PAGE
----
Shorts vs Panties

This morning I opened a new pack of undershorts that Joanne picked up for me.  Wow – seven pairs of new Fruit of the Loom shorts.  Out of curiosity I asked her what she paid for these.  She said it was $5.99 for the pack of seven.  Okay that’s $.85 each – and these babies have double stitching, the extra overlap for the trap door that we guys need – all in all just a real classy piece of workmanship.

Then I asked her what she pays for her panties. She said normally $8-10.00 each.  Of course those are much simpler in design – no trapdoor needed.  Just a bag with a couple of holes in it.  Now I may be oversimplifying the issue here, but why are they ten times as much money?

It’s because for guys we’re talking about a necessary and functional item.  For women it’s a matter of style and grace and beauty.  I’ve always told people you can make a living selling things that people need; e.g. washing machines, transmissions and light bulbs.  But you can get rich selling things that people want – chewing gum, vacation trips, motorcycles and ladies panties. 

People don’t “need” my books.  But I sell hope, inspiration and imagination that just happened to be packaged between two book covers.  People “want” that.  It sounds like an elementary business concept – but what about you — are you selling what people need or what they want?


  1. Bill Seaver - MicroExplosion Media Says:

    Great post Dan. You made me laugh out loud too!

  2. Justin Lukasavige Says:

    Great post Dan; I tell business owners that all the time. My wife just bought a pair of panties for $.25 today however. You might point Joanne in the direction of the clearance rack at Target.

  3. David Tinney - No Hype, No BS Says:

    Dan, you’ve knocked it out of the park with this post! I’m still laughing!

  4. Jay Peroni Says:

    It is so true..needs versus wants. We often confuse a want as a need (plasma TV, 400 cable channels, high speed internet) instead of true needs (food, shelter, clothing, caring for God’s people). I am amazed. I went to and was amazed at how we as Americans are so blessed compared to many parts of the world.

    One point about the underwear: My wife looks better in underwear than me so $8 to $10 – I’ll take it;)

  5. therealmotherlode Says:

    Too funny, Dan!
    Shall we expect to see an entry on the “boxers” vs. “briefs” dialog?

  6. Damon Says:

    Well, “hope, inspiration and imagination” are needs. What good is a life lived without hope? What’s more needed in this world than inspiration and imagination?

    Not everyone believes in Christ. That’s fine. But some of the basic tenets of the Christan faith are that we have hope and faith in a God who has promised to make our lives worth something; we are inspired by others in community, and we hope to one day live in a world beyond imagination.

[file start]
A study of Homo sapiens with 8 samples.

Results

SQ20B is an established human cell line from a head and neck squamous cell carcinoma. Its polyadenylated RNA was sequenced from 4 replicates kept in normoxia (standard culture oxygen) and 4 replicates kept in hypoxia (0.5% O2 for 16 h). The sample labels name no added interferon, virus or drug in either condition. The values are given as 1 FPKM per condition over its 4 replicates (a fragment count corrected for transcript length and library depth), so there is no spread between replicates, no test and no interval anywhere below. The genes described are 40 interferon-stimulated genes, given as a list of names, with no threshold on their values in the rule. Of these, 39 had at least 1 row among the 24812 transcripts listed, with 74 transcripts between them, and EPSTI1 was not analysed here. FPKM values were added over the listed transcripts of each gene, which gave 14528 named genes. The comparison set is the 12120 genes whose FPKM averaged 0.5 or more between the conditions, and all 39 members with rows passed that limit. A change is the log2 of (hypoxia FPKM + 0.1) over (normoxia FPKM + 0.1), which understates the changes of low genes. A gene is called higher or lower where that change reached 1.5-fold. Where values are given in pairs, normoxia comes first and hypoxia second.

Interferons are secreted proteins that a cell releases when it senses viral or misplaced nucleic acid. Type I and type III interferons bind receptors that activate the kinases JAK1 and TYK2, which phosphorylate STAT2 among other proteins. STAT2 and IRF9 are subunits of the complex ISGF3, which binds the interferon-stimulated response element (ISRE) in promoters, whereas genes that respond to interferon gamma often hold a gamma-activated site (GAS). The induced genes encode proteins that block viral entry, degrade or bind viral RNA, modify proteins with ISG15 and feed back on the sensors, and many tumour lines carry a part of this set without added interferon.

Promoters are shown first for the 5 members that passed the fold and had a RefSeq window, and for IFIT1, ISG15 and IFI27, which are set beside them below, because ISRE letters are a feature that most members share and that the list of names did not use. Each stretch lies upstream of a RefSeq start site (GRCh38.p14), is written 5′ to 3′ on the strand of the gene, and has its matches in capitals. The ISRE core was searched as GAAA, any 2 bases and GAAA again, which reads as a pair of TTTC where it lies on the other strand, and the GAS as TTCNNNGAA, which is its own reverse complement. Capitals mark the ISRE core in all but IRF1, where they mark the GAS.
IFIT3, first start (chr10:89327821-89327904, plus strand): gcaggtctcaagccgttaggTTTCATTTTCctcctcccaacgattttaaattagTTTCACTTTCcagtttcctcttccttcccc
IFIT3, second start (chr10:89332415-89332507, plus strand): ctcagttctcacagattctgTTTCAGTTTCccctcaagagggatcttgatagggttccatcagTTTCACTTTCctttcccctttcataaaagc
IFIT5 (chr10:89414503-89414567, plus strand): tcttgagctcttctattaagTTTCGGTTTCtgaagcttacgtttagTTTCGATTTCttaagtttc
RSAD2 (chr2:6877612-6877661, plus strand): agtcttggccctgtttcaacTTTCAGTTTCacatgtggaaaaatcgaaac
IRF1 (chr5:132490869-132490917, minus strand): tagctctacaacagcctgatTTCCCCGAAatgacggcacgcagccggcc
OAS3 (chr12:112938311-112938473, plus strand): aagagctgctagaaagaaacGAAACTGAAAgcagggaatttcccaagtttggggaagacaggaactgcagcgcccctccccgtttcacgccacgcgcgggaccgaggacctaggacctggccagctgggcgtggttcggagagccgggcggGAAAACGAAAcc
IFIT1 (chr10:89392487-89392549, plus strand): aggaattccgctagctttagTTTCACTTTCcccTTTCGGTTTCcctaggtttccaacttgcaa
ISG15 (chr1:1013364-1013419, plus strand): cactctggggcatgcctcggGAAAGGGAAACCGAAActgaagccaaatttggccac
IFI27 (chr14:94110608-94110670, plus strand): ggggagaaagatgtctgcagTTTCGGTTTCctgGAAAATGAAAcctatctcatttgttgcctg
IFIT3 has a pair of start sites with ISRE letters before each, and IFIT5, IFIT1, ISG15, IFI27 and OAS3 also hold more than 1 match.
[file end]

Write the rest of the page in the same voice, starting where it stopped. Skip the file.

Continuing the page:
People need identity. People need to know who they are. Bread on the table, bacon in the freezer, and gas in that tank, those are mundane. People “need” lives that mean something.

    P.S. Boxer Briefs for the win!

  7. edwincrozier Says:

    I might have to disagree. I think people need what you are selling. They just don’t always know it.

    Thanks for the laugh.

  8. Leah Tove Says:

    Oh, I laughed out loud, too! I’d buy those packages for my husband IF I bought his shorts.

    I suggest you got to a TJ Max if you have them in your area or come down to our store Ashevlle, NC. You can buy your own designer shorts at a huge discount…she’ll can even go with you and buy hers at a discount!

    So glad to have found your blog!

  9. chris Says:

    I enjoyed reading the post.

    I do want to play devils advocate with the last paragraph.

    You mentioned that you sell hope among other items. Not specifically related to you, but at what point does hope become hype?

    When does possibility overcome probability?

    The rational side of me sees that too often something packaged as hope is really hype. MLM anyone?

    And that the stories of someone running with possibility are really overshadowed by those who saw possibility and ran into probability.

    Again, I’m not pointing the bony finger of indignation at the writer of this blog. But being someone who trying to become a consumer of and a ultimately a user of hope, I have keep finding that when the wrapping paper of hope is stripped from the package, too often hype was the contents.

  10. Ludmilla Says:

    Great advice, i’m glad you’re enjoying it.